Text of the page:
By Patrick Anderson, The Providence Journal
Teddi Jallow’s journey to Rhode Island in the United States began in a rural Gambian village when she realised there was a different world out there from the one she was born into.
She was walking with her mother through the village when a car pulled up and a woman stepped out wearing an expensive dress unlike any Jallow had seen.
The dress was so elegant, and the woman carried herself more confidently than the women in their village.
She asked her mother how she could get a dress like that.
“My mom said she is educated. This is a very expensive dress, and it is only for people who have a big job or work for the government and can afford it,” Jallow recounted.
From then on, her goal was to go to school, get the education the woman in the dress had and expand her opportunities beyond the village, even if it meant walking four miles to school each day.
That education led Jallow to a high school degree and, eventually, at age 24, to Rhode Island, where she rejoined husband Omar Bah, who had fled The Gambia after being targeted by the government for his writing.
The Equity Leadership Initiative
Fifteen years after arriving in the United States, Jallow is co-founder with Bah of the Refugee Dream Center in Providence, a nonprofit that helps fellow immigrants adapt to life in Rhode Island.
And she’s one of the 31 people the Rhode Island Foundation has tapped for the first class of its Equity Leadership Initiative, a project to train and mentor Rhode Islanders of color to take on big leadership positions in the future.
Others in the initial cohort include a nurse, teacher, state police trooper, lawyer, startup founder, former Journal reporter, consultant and several employees of nonprofits.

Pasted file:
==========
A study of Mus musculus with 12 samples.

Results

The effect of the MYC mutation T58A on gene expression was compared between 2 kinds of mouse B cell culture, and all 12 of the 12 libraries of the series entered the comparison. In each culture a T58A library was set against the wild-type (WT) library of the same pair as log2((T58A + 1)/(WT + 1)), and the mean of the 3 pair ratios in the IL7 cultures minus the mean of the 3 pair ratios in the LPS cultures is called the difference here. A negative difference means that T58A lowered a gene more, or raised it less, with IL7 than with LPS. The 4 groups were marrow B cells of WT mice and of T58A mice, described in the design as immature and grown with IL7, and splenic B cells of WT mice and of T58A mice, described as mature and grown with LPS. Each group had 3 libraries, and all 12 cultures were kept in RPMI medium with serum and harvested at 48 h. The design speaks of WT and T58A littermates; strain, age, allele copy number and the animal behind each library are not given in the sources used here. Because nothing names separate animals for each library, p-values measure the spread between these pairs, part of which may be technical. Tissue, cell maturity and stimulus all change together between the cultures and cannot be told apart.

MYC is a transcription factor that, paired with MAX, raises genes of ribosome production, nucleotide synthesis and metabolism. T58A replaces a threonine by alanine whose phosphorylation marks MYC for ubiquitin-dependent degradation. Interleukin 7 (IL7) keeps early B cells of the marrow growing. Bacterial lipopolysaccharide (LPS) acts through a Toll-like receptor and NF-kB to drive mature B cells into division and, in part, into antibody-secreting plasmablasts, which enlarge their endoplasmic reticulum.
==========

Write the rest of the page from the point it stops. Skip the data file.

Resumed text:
The foundation’s goal is to provide the class members with advice on how to advance their careers and to elevate their profile within the state.
So, when the next opening for an executive at a major company comes up or a high-profile position at a big nonprofit, the people leading that organisation will not be able to say there weren’t any candidates of color to choose from.
“We hope to introduce Rhode Island to the next generation of decision makers,” said Angela Ankoma, vice president at the Rhode Island Foundation. “Having access, visibility and support is critical to leadership in our state and what the Foundation is trying to do.”
The Equity Leadership class members meet once a month to discuss a particular topic and receive individual mentoring.
The Rhode Island Foundation had intended to pick a class of 20, but there were so many good candidates in the 95 applications submitted the organisation decided to pick 31, Ankoma said. The programme runs each year from August to September when a new cohort begins.
‘More independence and confidence’
Asked what she hoped to get out of the new programme, Jallow said that growing the Refugee Dream Center she founded with Bah is part of it, but it goes beyond that.
“I see it as something to help me though that same journey I started in The Gambia,” Jallow said. “What I am hoping to gain is the sense of more independence and confidence. It is not easy as a Black woman in our society.”
The first class members of the Equity Leadership Initiative are: Adetola Abiade, Adewole Akinbi, Rose Albert, Janelle Amoako, Ana Barraza, Doris Blanchard, Madeline Burke, Michael Cancilliere, Krystal Carvalho, Angelyne Cooper, Steve Craddock, David Dankwah, Rupa Datta, Nwando Egbuche Ofokansi, Yvonne Heredia, Teddi Jallow, Stacy Jones, Silvermoon Mars LaRose, Francisco Lovera, Weayonnoh Nelson-Davies, Ray Nuñez, Monsurat Ottun, Alisha Pina, Manuela Raposo, Victoria Rodriguez, Juan Rodriguez, Rosedelma Seraphin, Kajette Solomon, Edward Tavarez, Carla Wahnon and Kilah Walters-Clinton.